Gluten is a protein found in wheat, rye and barley and is composed of two proteins, gliadin and glutenin. Gluten is insoluble in water and gives wheat products such as breads, pizza and bagels texture and chewiness.
Gluten forms when dough is kneaded and glutenin forms a network and associates with gliadin, which gives the dough viscosity.
As much as 1% of the population has Celiac Disease, a disorder caused by an inappropriate immune response to gluten. This damages the lining of the gut.
The main symptoms of celiac disease are mal-absorption of nutrients, diarrhea, fatigue and the resulting weakening of organ systems. The lining of the small intestine can heal if patients eliminate gluten from their diet.
Many parents of children with autism believe that symptoms improve by following a strict gluten and casein-free diet. This diet can be difficult to implement, since so many food products contain the protein. Many food items that don’t list the protein on the label, could still contain it. Gluten is often used as a food stabilizer, as in tomato ketchup and ice cream.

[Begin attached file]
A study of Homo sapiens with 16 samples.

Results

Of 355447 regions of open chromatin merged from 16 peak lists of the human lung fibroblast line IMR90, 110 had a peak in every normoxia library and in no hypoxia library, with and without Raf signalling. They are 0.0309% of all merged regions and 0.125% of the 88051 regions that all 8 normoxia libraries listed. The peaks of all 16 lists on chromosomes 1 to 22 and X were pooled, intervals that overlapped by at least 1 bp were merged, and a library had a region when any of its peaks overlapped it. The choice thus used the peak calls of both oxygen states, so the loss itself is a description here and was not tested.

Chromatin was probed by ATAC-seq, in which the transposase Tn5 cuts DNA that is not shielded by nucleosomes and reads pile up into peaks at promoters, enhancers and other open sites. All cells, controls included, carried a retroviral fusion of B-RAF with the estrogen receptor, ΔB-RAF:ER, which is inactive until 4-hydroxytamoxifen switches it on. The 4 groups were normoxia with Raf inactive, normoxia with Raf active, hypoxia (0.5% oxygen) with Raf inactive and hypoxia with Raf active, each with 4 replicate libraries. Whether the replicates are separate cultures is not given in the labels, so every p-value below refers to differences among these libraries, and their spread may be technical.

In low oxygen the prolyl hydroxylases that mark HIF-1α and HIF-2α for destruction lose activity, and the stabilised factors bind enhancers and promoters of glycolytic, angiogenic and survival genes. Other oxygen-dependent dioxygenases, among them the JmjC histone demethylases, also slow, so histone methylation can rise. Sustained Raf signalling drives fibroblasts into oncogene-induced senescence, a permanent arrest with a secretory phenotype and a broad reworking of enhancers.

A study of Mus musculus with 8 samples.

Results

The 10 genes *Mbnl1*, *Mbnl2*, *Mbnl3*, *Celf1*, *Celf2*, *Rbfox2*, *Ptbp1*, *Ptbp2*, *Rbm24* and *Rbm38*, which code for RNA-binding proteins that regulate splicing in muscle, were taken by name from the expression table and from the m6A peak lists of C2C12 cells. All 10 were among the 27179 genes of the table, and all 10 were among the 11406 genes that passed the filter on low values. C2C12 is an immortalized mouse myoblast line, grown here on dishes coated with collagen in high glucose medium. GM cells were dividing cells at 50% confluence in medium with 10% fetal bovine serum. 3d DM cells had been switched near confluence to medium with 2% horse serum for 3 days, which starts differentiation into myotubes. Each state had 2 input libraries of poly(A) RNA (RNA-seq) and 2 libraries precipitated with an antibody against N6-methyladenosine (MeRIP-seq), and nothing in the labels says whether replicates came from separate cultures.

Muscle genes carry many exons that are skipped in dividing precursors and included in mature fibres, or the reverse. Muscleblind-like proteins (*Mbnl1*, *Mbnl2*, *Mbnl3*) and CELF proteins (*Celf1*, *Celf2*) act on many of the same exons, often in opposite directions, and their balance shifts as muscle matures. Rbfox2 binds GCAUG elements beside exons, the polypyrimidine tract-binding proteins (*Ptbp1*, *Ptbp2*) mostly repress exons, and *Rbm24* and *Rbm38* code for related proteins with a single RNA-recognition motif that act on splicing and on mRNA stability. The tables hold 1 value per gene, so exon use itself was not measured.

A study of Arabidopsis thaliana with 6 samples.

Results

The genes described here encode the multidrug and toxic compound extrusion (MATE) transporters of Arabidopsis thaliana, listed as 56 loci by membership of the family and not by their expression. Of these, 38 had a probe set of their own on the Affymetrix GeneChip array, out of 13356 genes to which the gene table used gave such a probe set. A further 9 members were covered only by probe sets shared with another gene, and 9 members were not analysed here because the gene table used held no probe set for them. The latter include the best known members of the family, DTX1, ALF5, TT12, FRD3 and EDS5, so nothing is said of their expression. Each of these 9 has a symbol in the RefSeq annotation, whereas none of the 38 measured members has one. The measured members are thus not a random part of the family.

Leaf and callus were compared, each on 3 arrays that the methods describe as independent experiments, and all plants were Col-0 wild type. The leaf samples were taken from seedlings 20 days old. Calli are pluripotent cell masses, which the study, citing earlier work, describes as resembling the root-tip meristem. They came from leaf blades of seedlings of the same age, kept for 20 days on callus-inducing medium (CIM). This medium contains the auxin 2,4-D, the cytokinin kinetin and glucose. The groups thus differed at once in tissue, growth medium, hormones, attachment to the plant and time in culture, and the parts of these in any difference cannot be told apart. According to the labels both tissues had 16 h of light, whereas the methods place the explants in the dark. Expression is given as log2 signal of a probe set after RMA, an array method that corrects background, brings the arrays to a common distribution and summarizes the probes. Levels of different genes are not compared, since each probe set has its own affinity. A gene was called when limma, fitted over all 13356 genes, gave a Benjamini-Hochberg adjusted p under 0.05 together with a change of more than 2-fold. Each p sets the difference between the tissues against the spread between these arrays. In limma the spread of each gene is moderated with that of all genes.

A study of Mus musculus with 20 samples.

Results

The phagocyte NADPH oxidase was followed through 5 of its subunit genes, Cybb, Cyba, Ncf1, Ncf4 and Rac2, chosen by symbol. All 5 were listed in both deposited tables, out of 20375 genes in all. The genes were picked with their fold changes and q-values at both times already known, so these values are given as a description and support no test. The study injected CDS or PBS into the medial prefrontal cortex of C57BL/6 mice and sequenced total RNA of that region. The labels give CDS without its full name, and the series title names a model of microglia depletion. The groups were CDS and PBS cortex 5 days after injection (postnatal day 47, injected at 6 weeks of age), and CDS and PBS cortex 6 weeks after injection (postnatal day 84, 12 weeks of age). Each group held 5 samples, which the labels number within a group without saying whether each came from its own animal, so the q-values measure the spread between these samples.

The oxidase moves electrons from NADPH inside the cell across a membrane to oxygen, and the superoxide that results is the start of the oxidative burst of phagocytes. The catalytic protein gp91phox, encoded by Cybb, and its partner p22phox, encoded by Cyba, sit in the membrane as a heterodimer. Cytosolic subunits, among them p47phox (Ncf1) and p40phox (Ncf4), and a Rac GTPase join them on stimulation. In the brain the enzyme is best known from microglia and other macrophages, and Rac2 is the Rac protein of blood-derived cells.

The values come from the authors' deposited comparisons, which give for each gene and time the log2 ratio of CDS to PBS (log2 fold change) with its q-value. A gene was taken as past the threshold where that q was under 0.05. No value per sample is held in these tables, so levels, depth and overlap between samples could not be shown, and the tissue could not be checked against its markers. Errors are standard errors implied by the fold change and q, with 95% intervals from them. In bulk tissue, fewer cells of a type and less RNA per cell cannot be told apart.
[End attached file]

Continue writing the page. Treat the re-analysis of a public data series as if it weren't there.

Gluten is an important source of nutritional protein, both in foods prepared directly from sources containing it, and as an additive to foods otherwise low in protein.
Gluten is also used in some medications and is the main component of seitan, a meat substitute growing in popularity. Other foods that contain gluten are malt vinegar, (hydrolyzed) vegetable protein (unless derived from corn or soy) and modified starch (unless from tapioca, arrowroot, corn, potato).
Many gluten-free products are available today. These products are often made with rice flour, corn flour, potato starch and thickened with xanthan gum or guar gum.
Reverta is developing a autism supplement that aims to improve gastrointestinal functioning.